Most states in the US have their own legal processes when it comes to how a sheriffs sale can work. If you are facing foreclosure or sheriffs sale, it is a good idea to contact your lender or local attorney to be clear on how the process works in the state of your property. This article will provide some basic material to understand the process, but any specific questions should be directed to a local authority to determine intricacies of sale process.

©Michael Surtees - flickr

©Michael Surtees – flickr

Typically it takes 3-6 missed payments before and mortgage company can initiate foreclosure proceedings. Foreclosure notification usually comes with your borrower statement each monthly, with your mortgage bill. Often times banks will leave a notice on the front door of the property to provide notification. These methods will vary from state to state and from lender to lender. If the missed payments are not brought up to date, or the loan is not paid in full, then the lender will initiate foreclosure proceedings. If you are a homeowner that cannot seem to get caught up, and your lender is not offering any kind of loan modification that makes sense to you, then you may face losing your home and really hurting your credit score for the near future. Given the amount of easy credit available up until recently, there are many homeowners that frankly are not qualified or capable of having a mortgage, and thus might have been better off renting.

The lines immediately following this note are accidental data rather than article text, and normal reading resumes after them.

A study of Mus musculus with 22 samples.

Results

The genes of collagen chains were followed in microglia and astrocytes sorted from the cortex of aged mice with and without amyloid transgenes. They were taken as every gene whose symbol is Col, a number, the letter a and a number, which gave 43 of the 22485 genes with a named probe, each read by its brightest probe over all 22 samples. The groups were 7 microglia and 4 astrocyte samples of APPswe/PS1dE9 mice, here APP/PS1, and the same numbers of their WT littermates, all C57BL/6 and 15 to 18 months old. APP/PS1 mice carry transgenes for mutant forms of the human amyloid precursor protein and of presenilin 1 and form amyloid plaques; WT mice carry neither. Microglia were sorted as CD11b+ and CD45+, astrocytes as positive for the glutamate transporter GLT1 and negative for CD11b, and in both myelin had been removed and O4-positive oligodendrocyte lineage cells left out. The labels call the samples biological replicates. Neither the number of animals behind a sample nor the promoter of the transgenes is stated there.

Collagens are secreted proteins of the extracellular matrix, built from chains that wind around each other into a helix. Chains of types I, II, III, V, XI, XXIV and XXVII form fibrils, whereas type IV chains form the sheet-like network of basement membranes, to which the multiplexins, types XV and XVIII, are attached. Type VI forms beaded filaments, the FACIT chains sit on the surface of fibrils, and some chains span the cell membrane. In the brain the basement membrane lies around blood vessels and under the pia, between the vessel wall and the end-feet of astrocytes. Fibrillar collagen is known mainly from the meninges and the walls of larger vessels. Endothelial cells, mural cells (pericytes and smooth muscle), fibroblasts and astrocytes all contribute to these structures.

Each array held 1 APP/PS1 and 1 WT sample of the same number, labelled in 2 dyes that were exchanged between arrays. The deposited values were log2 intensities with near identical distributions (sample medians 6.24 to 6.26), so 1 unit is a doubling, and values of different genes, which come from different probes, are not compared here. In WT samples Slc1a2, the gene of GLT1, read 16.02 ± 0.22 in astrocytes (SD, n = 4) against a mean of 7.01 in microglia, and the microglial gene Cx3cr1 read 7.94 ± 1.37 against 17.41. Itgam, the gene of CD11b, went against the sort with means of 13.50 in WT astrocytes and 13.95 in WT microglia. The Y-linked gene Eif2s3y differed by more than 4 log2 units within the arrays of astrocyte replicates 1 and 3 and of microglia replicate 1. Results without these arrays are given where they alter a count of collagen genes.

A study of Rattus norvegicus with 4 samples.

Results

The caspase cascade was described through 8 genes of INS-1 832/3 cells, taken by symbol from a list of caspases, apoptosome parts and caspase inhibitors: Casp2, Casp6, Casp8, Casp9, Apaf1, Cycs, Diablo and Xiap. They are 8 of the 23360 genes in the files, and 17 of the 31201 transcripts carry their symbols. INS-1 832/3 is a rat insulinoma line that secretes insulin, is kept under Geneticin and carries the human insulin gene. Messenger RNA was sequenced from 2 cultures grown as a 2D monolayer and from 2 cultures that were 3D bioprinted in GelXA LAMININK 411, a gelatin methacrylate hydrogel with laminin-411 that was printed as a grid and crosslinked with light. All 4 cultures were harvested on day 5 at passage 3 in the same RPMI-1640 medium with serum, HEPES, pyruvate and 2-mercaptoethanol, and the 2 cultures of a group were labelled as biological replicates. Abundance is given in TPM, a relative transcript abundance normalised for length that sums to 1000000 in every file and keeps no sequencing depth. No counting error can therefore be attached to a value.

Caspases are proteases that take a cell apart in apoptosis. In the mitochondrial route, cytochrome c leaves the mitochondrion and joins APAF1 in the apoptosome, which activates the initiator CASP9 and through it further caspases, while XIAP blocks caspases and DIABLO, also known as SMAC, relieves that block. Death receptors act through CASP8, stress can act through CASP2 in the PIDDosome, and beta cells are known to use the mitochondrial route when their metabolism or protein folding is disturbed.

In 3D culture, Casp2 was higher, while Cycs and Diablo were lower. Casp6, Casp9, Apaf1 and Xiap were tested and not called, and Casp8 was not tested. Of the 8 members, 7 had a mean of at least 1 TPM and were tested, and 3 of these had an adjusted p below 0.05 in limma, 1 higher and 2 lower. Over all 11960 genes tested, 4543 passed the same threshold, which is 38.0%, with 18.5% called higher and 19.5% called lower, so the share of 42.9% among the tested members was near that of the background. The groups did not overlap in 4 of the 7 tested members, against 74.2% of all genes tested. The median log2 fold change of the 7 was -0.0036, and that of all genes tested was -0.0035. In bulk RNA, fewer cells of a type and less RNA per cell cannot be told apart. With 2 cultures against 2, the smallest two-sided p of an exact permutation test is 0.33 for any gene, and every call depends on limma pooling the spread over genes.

Many people, once faced with the reality that they cannot afford to keep their home, will put their property up for sale. But because of all the people out there who are in similar situations, there is a surplus of supply and homes for sale in most regions across the country. This make it that much harder to sell your property with sellers competing to sell property – prices must continue to drop with a surplus of supply and an ever-shrinking market of qualified buyers.

If the property is not able to sell on the open market, often times the home goes through the foreclosure process and is eventually sold at sheriffs sale or auction. Most states require that the property be listed in local newspapers as a foreclosure, which can be quite embarrassing especially in a small town where everyone knows everyone else. Banks do not want to own property, and would prefer to see monthly payments paid to them with interest on the borrowed loan. However, when a bank has taken back a foreclosure property, their last option available is to sell it at sheriffs sale or auction to the highest bidder. If this is the case with your property, then you most likely have already had this affect your credit.

It is becoming harder and harder to get a straight answer from a mortgage company these days. Often times when you call in to request information, you get transferred to different departments and are never dealing with an actual decision maker. This can be very frustrating to deal with, especially when dealing with late payments, household bills and needs of family and children on top of everything else. If you are facing sheriffs sale of your home, chances are good that the loan has been transferred to a local attorneys office. Or you may have to contact the lenders “loss-mitigation department” to find out the status of the loan.

You should be able to find out exactly how much time you can expect to stay in the home before the sheriff comes knocking. Ideally it is best to try and work out a loan modification or sell the property if you cannot afford it, before this happens, but sometimes it is hard to get caught up. Contact your lender today to find out what you can do to stay in your home!